Posted 16 days ago ago by Admin
My first exposure to aviation began in the U.S. Air Force. When training in my chosen field was postponed, I was asked to crosstrain to a secondary career field. “We really need aircraft mechanics,” I was told. I readily agreed, and so the adventure began. Later, as a crew chief for the F16 Fighting Falcon, I quickly learned the importance of marshaling aircraft and the use of hand signals…flight controls-check, speed brake-check, stop, go, chock, and the aircraft salute. Little did I know at the time that these simple hand signals would become part of an especially important essential tool that we must use every day. We have already discussed the tool of integrity: doing the right thing, and the tool of commitment: the fuel for action. Let us now look at the essential tool of communication.
Communication has been defined as imparting or exchanging information. This literally happens thousands of times each day. As an aircraft mechanic we must ensure that everything we do is clearly defined and imparted to all involved. Effective communication includes written, spoken, and yes, hand signals. If we are to establish a culture of safety and excellence, information sharing is vital.
The most basic and yet most important means of communication in aviation is the aircraft logbook. This is where we aircraft mechanics get to tell the story of what has been accomplished in maintenance and inspection and also where pilots tell the story of a normal flight or one filled with obstacles. This is the ultimate shift turnover log and yes, it lives as the aircraft lives. The aircraft logbook is the universal language of communication in aviation maintenance and operation.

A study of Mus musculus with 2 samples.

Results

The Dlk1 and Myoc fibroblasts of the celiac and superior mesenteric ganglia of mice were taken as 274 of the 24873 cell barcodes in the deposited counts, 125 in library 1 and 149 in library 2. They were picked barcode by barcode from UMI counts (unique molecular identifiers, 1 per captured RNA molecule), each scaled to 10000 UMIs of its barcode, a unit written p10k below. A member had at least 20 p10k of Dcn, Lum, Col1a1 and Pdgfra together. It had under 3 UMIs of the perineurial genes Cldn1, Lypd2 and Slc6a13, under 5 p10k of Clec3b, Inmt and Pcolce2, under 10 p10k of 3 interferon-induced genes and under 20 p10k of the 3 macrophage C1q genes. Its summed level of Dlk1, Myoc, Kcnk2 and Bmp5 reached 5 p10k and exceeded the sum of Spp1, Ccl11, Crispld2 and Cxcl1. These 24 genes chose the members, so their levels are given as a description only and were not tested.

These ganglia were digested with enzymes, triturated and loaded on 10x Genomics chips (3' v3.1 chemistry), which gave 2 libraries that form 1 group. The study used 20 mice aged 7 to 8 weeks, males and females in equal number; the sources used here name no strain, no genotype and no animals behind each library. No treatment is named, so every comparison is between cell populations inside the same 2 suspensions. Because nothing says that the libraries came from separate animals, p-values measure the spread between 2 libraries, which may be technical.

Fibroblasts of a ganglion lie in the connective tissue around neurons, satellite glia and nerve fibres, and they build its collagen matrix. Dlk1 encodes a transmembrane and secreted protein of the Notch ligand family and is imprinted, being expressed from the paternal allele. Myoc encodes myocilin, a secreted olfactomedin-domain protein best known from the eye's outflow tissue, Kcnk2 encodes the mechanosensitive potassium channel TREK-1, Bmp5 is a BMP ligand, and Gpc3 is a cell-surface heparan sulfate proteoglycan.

Another important step in the communication process is the art of listening more and speaking less. Do you listen to your helicopter when it speaks? Do you have ears to hear? What is your machine saying when you have a high TOT? What about if you are frequently blowing strobe lights? What is it saying at one chip light, or two chip lights, and screaming at you with three chip lights?
Effective communication can be a simple word. When the pilot yells “Clear!” before he engages the engine or a mechanic in the hangar yells “Clear!” before he turns the rotor. A single word can prevent someone from being injured or killed.
Effective communication leads to understanding and understanding can enhance safety.
At the end of the day, we all want to go home safely to our families. We impart or exchange information all day. We speak, yell, write, and sometimes use hand signals but we ensure that information flows to the correct person or place. Communication is the connection that links us and our situations together. When we clearly communicate, we are utilizing the essential tool that will safely guide our way to make flying and maintenance safe and fun.
About the author: Mark dedicated the majority of his career serving the helicopter EMS community from Base Mechanic to Director of Maintenance. As Vice President & General Manager of Precision Aircraft Services, Mark now serves helicopter operators from many sectors to include Air Ambulance, Law Enforcement, Private Owners, etc. When not at work, Mark can be found spending time with his family or sitting in a tree stand.